Wednesday, June 5, 2019

Interview: College and Scholarship Readiness

Below is the script for an interview I participated in with Jodi Okun from her #CollegeCash series on Twitter. The interview took place in August of last year. Since it's no longer online, I’ve reorganized the format of the script a bit for easy reading, and posted it here on my blog.


Elizabeth Wallace started teaching at 7 years old in her neighbor’s backyard, and didn’t stop for over 35 years. During her career in education, she taught German, French and English, while also helping students get into college. After earning an MBA, she taught business administration in the U.S. and abroad. Elizabeth wrote Free College at the insistence of her sister, who said it was selfish to withhold the secrets of winning scholarships from students who didn’t happen to attend her school. Her goal while teaching was helping students reach theirs. Now she is showing them how to reach their goal of going to college without needing student loans.

Q1 What should parents be doing right now when it comes to preparing their kids for college?

A1 While children are little, read to them and with them, give books as gifts, visit bookstores and libraries.
A1 For elementary aged children, enroll them in music lessons. Find lessons nearby and encourage them to continue through middle school.
A1 Find a sport each child likes and could continue for life, swimming, tennis, track, etc. Encourage them to participate through high school.

Q2 Is there a financial aid to-do list for elementary, middle and high school students?

A2 Parents of elementary students should find scholarships and apply for all which are available to the age group of their children.
A2 Help middle school aged children apply for a few scholarships each month.
A2 High school freshmen and sophomores should apply for a one or two each week; while juniors and seniors should apply for a minimum of three each week, and continue until they’ve graduated from college.

Q3 Where should parents and students look for scholarships?  

A3 Start with family connections at work, church, civic clubs, fraternities, other associations and groups.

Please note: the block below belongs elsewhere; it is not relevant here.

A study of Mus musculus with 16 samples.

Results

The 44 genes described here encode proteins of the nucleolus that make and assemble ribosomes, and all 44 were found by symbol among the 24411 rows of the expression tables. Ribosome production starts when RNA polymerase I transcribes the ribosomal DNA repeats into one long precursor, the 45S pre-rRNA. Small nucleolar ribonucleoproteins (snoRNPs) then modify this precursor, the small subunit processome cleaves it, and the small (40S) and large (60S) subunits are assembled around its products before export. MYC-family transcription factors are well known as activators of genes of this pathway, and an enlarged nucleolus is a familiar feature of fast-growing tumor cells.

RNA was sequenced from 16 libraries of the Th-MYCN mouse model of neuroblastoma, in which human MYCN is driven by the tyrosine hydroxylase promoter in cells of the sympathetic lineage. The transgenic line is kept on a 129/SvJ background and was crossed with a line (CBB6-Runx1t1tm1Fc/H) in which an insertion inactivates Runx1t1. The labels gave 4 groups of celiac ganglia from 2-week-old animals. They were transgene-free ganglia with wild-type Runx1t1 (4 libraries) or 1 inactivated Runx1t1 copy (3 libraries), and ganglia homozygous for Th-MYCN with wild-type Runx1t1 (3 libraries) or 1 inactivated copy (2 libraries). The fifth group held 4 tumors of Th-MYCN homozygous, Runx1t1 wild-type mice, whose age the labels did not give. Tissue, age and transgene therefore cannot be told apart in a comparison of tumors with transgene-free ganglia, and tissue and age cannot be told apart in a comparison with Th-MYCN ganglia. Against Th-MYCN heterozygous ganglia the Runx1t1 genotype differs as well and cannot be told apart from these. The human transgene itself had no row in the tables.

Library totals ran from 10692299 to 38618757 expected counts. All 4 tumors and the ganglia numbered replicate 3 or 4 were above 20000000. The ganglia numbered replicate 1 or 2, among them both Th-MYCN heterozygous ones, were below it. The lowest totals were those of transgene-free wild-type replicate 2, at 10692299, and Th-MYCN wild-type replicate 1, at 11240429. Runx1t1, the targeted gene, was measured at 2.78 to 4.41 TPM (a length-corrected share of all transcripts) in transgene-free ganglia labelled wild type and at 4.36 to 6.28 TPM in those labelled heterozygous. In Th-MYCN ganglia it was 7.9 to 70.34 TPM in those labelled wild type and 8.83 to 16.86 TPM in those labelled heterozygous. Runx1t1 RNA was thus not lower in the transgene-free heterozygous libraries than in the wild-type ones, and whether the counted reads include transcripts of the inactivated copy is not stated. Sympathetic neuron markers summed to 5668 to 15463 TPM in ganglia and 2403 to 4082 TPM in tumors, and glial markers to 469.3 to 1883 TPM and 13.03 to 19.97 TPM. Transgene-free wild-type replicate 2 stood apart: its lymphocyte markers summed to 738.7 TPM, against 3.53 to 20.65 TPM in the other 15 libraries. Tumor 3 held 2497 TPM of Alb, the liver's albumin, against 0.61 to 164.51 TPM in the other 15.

A3 Move on to civic organizations, foundations, local, state and federal grants and scholarships.
A3 Spread out online, use mobile apps, social media sites, such as @Scholarships360 and fastweb @payingforschool on Twitter, etc.

Q4 What are the most important strategies parents and students can use outside of school?  

A4 Enroll children in enrichment courses at a local college beginning in elementary, and continuing through high school.
A4 Find a safe place in the community for students to volunteer.
A4 Learn how to play a musical instrument and take lessons through middle school.
A4 Stick to all of these over time. Colleges like to see consistency.

Q5 When is the right time to visit a college?

A5 Families can visit colleges informally while taking family vacations or attending concerts, festivals and other public events.
A5 Students should be enrolled in enrichment courses on college campuses each summer.
A5 Start making formal visits to tour colleges by ninth grade.

Q6  What tips do you have when it comes to testing?  

A6 The most successful and least stressed students start studying for tests the first week classes begin.
A6 Many practice tests for the SAT and ACT are available online for free; use them to become comfortable with their formats.
A6 Get enough sleep the night before and eat a complete, healthy breakfast (with no added sugar) the morning of a test.

Q7 How do students win scholarships?  

A7 The most successful start getting ready at a very young age.
A7 They fulfill all Standard A – G requirements, but go over and above them, so they stand out from the crowd; example: take more foreign languages than required, and for longer.
A7 To win scholarships, students must apply, over and over. Don’t stop until the last year of college.

Q8  Should parents (or grandparents) use retirement funds to pay for their children’s college education?

A8 No. Never. Not for any reason. Okay, maybe if you’re in the top 1% of earners in the nation.
A8 There are many grants and scholarships for college, but none for retirement.
A8 Learn how to help students win scholarships and grants.

Q9 Tell us more about your book “Free College How Graduates Earn The Most Scholarship Money”

A9 I researched graduates who earn lots of scholarship money and found a pattern of behaviors.
A9 I included a step-by-step guide to the strategies and habits of the most successful scholarship winners in Free College.
A9 Students of families who adopt these habits, and apply for many scholarships, will  be among the highest scholarship winners.

Q10 What are three things you want to leave us with tonight?

A10 Earning more free cash for college is possible by practicing a few disciplines every day.
A10 Student loan debt cannot be eliminated by bankruptcy, but it can be avoided by earning enough scholarships.
A10 I don’t have the power to eliminate college tuition, but I have exposed the secrets of successful scholarship winners for families of preschool through high school students to follow, so they can avoid taking out student loans.

You are reading from the blog,, where we empower families with knowledge to navigate the path to higher education without the burden of excessive loans.


For more information, you’ll want my book, Free College, CLICK HERE. It teaches families how to help their kids become more successful in school, college, and life.